I've been thinking back on my childhood in Oklahoma more than usual lately and came across a blog I did about the town of my birth, childhood, and teens. I'd like to re-post it below:
|Courtesy of Wikimedia|
Broken Bow was a lumber and farming town situated in the rolling hills and green forests of the "Little Dixie" Baptist bible belt of southeastern Oklahoma. The town sat nine miles west of Eagletown, an important Indian trading community on the Arkansas border back when the two states were known as Indian Territory. Eagletown, now reduced to no more than a nondescript service station, huddled beside the highway as busy travelers whizzed past without noticing.
Broken Bow began life as an Indian village called Con Chito. Over the generations, it waxed and waned and died and revived until two brothers by the name of Dierks incorporated the community in 1911, naming it after their hometown in Nebraska.
The town of roughly 2,500 souls fastened itself to the narrow blacktop highway coming in from Arkansas and the railroad tracks paralleling the road. Most commercial businesses clustered along the two paved downtown streets running north from the highway and a couple of graveled roads pacing them on the east and on the west. The Dierks Lumber Company sawmill, the town's largest employer, lay on the other side of the railroad tracks where the highway turned south and ran twelve miles through open farm country to Idabel, the McCurtain County seat, and beyond to the rich river bottoms. From there, it crossed into Texas after another twenty miles.
Broken Bow was the kind of place where no one knew his own address. A family lived three blocks east of the feed store and one block south, second house on the left, or some such descriptive direction. There weren't even street signs when I was a child. Nor was there postal delivery, except for rural routes. Town mail was collected from rented boxes or the free general delivery window at the post office.
Generations of children measured their growth by running down the sidewalk on Main Street and jumping to touch the rafters of the wooden overhang protecting pedestrians from the blazing sun or heavy rain squalls. The drug store on the uphill corner of this block-long shaded section boasted a soda fountain, making it a magnet for the younger set.
The town's most popular Saturday night pastime was parking head-in to the curb along the main drag as near the drug store as possible. Entire families sat in cars and trucks to indulge in some serious people watching until it was time for the picture show half a block down on the other side of the street. It was a good way to keep up with budding teenage romances and the state of the neighbors' marital relationships. Sartorial splendor was considered anything beyond a gingham house dress and bib overalls.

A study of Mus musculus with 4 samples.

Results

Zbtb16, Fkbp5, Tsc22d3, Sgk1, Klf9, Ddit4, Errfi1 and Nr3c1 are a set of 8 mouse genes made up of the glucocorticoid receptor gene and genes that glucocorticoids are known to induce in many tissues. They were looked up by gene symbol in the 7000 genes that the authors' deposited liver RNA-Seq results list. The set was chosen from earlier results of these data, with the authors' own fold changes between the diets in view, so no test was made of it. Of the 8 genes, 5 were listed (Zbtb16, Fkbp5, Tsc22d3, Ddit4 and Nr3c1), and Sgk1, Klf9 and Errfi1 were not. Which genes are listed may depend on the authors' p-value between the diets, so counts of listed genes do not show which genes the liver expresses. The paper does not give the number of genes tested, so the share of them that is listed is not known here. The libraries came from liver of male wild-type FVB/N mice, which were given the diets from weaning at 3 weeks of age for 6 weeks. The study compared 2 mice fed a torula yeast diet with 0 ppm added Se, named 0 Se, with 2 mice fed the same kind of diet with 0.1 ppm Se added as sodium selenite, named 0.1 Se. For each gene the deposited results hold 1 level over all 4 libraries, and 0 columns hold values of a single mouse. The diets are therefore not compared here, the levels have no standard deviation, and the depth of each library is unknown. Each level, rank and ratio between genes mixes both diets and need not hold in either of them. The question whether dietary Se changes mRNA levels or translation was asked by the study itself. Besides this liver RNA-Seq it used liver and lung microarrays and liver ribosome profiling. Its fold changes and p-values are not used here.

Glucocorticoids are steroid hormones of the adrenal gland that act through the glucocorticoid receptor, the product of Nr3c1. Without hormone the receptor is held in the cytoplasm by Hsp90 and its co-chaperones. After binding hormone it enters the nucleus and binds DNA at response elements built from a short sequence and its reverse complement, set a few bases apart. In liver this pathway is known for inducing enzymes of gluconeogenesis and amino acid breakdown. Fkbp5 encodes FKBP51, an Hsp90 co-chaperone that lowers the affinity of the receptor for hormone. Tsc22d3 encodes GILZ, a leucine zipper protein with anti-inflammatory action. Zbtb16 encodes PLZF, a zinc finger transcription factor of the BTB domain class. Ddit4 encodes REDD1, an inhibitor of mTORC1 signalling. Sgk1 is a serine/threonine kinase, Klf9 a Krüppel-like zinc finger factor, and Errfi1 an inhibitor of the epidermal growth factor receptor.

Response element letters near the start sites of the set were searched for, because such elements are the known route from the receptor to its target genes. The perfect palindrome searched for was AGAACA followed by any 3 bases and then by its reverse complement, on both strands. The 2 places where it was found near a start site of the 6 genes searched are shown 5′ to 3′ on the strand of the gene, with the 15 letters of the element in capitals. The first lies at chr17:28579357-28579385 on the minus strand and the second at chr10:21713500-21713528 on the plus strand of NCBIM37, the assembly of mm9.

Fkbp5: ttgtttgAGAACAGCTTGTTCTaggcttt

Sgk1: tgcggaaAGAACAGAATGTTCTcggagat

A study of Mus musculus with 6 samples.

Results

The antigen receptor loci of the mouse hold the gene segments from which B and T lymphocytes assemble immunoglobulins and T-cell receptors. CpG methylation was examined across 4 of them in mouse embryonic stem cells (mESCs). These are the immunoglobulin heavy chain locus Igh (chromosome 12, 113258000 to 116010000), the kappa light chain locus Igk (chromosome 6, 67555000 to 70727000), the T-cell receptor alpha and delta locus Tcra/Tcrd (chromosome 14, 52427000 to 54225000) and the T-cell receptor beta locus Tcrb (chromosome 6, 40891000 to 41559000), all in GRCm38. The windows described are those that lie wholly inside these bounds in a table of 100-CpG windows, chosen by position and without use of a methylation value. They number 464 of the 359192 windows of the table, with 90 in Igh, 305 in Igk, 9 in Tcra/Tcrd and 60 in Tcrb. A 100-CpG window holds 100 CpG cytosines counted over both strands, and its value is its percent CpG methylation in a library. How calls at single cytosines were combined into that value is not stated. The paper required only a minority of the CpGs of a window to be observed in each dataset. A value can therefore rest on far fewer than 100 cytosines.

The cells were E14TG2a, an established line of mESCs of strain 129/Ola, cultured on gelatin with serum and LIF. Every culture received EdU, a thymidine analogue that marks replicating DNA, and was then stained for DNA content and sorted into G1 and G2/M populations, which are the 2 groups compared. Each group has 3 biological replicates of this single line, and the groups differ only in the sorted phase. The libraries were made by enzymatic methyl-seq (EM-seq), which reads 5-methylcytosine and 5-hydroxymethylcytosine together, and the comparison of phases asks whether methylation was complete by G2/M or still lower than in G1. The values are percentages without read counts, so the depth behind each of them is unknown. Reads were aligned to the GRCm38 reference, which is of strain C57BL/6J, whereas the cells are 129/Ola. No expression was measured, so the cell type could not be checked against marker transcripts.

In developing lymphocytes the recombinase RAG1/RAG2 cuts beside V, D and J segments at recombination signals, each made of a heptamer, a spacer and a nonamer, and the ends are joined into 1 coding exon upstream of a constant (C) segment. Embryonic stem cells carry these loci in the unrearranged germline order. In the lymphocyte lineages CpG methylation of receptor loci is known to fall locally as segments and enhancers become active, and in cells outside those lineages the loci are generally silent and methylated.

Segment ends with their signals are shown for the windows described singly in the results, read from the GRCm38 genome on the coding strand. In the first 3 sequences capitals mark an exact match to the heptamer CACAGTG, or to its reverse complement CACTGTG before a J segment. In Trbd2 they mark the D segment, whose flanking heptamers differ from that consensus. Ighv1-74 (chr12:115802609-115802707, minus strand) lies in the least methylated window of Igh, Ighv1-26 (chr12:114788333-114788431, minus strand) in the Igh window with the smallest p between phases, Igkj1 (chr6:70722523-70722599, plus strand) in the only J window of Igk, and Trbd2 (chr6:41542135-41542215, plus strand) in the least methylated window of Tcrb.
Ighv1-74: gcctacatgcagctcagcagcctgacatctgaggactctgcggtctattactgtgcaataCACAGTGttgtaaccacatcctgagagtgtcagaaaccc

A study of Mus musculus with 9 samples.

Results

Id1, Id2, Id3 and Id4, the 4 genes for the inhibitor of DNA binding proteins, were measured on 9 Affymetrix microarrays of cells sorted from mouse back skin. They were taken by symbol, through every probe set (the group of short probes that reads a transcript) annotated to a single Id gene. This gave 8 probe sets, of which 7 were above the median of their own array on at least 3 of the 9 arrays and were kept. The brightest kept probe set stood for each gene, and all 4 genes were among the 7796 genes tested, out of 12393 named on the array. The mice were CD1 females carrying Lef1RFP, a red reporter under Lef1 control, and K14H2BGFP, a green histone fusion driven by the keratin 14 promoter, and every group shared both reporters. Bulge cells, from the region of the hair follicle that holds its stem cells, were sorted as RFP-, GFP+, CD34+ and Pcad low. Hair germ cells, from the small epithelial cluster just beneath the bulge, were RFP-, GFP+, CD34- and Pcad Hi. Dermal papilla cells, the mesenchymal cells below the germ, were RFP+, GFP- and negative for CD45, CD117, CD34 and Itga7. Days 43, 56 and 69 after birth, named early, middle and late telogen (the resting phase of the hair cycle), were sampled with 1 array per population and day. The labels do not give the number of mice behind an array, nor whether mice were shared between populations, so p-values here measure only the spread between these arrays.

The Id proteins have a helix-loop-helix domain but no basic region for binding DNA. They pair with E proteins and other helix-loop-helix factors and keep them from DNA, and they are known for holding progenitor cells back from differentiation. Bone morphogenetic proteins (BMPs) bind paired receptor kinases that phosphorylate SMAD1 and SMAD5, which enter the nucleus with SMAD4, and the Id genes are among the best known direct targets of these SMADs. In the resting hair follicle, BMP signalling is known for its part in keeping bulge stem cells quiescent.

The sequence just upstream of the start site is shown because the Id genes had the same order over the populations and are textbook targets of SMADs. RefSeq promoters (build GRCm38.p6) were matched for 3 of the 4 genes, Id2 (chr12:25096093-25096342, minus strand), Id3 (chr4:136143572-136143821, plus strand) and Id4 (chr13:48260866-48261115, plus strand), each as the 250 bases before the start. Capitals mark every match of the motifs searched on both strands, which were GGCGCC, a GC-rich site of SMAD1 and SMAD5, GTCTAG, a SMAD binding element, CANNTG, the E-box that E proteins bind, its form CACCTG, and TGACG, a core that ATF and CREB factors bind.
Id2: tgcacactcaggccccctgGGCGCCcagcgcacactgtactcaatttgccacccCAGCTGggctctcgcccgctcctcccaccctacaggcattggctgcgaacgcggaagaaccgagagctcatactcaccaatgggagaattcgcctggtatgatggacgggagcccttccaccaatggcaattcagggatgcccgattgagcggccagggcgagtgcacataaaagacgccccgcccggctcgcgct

The Broken Bow High Savages annually engaged the Idabel Warriors in the "Little River Rumble," one of the oldest football rivalries in the state. Back then, the schools were segregated, of course, and remained that way until 1964. In fact, although were were in the midst of the Choctaw Nation, I don't recall attending class with any Natives except two boys a few years behind me. However, the school secretary was a Native American... a Hopi from distant New Mexico. For what it's worth, the first year that two black players were permitted on the team, Broken Bow High won the championship in their division.
I fondly remember the town as an easy-going, not-much-happening place where my grandmother and I rocked on the porch in the early summer evenings, while my grandfather sliced open a plump, red-meat watermelon. The setting sun caught in the topmost branches of the chinaberry tree in the front yard and played among leaves ruffled by a gentle breeze. Often, as heat waves slowly dissipated on the asphalt highway and the delicate scent of roses and hydrangeas and morning glories flooded the porch, we'd hear a family on the far side of the railroad tracks harmonizing familiar gospel songs. Sometimes we joined right in. I've always wondered if they heard us as clearly as we heard them.
Ah, those were the days. At least, that's the way I view them from today's perspective. In truth, they were as stressful and troublesome as those I sometimes experience today. The problems were just appropriate to the time. I hope this re-post provoked thoughts of your own times past.
DSP Pub paperback: https://www.dsppublications.com/books/the-bisti-business-by-don-travis-361-b
As always, thanks for being readers.